Corporate social responsibility, or CSR, is a commonly discussed topic among consumers who wanted to know how the nonprofits they support use their donations and the businesses at which they shop use their profits. However, this rise in interest in CSR certainly does not mean that everyone understands it or interprets it the same way. Perhaps one of the most common disagreements regarding corporate social responsibility is how it relates to public relations.
CSR could be described as a measurement of a company’s social performance rather than its financial progress. For that reason, at least some of the disagreements regarding the relationship between public relations and corporate social responsibility is due to the fact that the responsibility for handling CSR often falls to the public relations or even human resources personnel.
CSR and Public Relations
Public relations, strictly speaking, deals with the relationship between a company and the individuals the success of that business depends upon, whether directly or indirectly. This relates to the point raised previously regarding consumers’ concern regarding companies’ use of the money they receive. A perfect example is if two charities support the same cause, but one puts 70 percent of every dollar donated toward that cause and 30 percent toward administrative expenses, while the other puts 30 percent toward that cause and 70 percent toward administrative expenses. In this type of situation, most people will be more likely to support the organization that they feel uses its funds more responsibly and effectively.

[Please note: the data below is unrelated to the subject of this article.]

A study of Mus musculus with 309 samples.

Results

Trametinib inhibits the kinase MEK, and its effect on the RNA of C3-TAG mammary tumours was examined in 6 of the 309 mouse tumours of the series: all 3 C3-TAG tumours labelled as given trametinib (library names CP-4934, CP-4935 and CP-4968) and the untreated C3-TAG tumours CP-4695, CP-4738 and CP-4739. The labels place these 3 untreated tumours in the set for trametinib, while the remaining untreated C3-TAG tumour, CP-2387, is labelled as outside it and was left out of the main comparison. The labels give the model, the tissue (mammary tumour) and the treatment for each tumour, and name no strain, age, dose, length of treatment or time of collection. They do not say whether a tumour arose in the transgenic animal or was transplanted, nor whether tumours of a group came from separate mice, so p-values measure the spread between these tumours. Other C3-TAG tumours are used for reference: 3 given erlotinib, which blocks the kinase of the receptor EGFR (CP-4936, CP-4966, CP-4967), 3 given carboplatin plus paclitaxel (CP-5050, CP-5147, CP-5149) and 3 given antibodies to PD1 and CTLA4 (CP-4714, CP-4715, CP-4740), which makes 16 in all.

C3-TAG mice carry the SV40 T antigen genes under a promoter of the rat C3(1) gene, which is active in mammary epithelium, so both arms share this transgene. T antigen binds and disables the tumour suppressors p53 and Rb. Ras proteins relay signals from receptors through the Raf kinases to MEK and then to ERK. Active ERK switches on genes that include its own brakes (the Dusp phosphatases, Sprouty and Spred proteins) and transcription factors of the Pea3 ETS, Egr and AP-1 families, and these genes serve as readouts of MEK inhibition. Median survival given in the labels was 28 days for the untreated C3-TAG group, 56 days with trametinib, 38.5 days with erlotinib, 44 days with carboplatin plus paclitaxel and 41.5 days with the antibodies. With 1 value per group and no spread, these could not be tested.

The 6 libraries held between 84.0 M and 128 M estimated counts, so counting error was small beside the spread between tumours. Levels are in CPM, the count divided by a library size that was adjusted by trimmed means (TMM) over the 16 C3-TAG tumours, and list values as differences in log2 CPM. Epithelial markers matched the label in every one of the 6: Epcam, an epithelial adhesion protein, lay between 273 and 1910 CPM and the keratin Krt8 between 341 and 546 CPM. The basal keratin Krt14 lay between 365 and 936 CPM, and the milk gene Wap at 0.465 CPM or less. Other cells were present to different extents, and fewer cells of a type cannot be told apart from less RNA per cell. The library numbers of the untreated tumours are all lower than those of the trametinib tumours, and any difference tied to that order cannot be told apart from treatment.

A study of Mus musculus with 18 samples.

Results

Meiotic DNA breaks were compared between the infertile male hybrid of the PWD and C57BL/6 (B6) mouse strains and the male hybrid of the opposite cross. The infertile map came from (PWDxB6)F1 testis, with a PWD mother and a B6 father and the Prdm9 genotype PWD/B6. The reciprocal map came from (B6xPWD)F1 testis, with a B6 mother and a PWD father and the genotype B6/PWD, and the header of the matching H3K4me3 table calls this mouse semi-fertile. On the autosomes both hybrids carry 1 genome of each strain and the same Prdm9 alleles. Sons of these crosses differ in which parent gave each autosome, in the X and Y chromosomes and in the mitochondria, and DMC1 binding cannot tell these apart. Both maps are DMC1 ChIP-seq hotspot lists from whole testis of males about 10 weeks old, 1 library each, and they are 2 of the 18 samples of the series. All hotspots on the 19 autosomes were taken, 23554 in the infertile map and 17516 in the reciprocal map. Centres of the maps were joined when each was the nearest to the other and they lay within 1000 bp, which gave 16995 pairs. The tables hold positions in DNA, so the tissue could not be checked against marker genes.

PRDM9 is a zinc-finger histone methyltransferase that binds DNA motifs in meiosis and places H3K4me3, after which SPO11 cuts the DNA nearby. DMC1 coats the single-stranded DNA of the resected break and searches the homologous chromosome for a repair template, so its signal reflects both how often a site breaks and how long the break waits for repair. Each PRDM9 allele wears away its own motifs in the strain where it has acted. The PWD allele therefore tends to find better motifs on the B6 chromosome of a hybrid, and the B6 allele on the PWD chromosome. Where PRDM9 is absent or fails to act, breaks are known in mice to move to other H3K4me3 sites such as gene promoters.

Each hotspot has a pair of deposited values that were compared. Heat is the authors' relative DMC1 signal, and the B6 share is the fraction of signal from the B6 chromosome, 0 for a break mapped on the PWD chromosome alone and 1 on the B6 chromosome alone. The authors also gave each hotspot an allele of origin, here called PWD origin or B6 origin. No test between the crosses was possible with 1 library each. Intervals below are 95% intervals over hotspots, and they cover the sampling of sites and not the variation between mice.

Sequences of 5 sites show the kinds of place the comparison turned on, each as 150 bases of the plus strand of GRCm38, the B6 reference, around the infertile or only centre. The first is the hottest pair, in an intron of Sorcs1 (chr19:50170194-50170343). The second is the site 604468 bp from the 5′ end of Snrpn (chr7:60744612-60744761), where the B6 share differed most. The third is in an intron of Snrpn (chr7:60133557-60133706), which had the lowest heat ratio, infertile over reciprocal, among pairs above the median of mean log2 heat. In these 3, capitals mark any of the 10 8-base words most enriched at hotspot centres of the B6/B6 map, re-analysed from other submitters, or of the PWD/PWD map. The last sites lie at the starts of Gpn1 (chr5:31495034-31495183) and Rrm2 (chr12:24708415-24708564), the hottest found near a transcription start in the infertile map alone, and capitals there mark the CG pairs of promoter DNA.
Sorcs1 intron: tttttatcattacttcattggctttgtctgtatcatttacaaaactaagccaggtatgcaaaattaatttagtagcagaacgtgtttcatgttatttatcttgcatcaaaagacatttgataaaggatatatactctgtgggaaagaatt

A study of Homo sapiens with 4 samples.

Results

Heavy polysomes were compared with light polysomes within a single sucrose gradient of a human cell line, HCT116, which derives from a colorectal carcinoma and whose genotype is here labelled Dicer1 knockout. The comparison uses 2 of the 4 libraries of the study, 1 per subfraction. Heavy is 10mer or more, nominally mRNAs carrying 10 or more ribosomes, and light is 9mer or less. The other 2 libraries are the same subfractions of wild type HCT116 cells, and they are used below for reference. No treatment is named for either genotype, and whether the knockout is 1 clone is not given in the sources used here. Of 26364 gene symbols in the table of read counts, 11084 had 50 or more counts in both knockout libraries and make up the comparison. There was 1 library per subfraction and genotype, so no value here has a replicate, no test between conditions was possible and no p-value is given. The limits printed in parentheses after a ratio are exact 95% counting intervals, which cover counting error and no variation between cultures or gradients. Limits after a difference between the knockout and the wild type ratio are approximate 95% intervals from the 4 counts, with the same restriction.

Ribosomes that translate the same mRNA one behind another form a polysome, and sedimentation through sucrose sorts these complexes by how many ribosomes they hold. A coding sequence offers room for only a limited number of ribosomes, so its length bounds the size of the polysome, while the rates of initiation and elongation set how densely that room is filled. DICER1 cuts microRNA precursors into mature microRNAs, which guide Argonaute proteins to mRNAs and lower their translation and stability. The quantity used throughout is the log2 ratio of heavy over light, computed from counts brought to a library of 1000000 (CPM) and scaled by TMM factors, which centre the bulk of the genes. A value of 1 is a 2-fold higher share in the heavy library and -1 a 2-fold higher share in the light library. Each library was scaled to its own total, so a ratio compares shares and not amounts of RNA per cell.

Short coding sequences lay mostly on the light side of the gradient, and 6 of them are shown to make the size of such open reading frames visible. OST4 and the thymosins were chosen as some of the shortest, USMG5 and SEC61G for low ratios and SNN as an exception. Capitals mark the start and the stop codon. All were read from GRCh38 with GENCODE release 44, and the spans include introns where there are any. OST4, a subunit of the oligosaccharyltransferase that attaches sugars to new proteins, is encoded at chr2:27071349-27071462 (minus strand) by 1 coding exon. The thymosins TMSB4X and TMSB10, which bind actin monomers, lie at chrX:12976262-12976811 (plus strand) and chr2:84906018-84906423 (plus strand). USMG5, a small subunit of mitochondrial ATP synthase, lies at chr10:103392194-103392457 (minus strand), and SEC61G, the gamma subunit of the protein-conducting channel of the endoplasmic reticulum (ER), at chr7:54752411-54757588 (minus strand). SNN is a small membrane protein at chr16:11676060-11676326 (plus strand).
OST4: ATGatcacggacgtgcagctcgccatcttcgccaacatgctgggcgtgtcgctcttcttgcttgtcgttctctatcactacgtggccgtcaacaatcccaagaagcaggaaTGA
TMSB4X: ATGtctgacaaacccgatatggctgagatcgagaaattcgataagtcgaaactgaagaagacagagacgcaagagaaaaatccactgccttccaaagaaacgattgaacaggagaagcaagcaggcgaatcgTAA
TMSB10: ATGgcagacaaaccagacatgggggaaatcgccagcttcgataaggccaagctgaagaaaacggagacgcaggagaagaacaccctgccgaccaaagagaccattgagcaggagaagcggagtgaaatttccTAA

Cause vs. Effect
People often associate this type of situation with corporate social responsibility, simply because they want to know that they companies they support – whether businesses or nonprofits – behave in an ethical manner. Of course, companies that follow a CSR plan that ensures this type of ethical behavior will necessarily benefit from the positive PR that follows. However, the difference is in the order; CSR, ideally, should be implemented for its own sake – because it is the right thing to do. The PR boost should then be a side effect, rather than the original goal, of implementing a CSR plan.
The Impact of Human Resources
Opinions on whether primary CSR duties fall to public relations or human resources can vary widely. At the end of the day, however, the level of integrity an organization and its employees possess is the real benchmark for CSR. Human resources may have some control over this, but they are not alone in ensuring it – nor, for that matter, are the PR personnel. Ideally, PR and HR personnel should work together, along with company executives, to set the standard of ethical behavior that is expected of each and every employee, no matter what their role. This type of top-down, bottom-up approach is the only way to ensure that everyone at the company is truly on board with the CSR plan.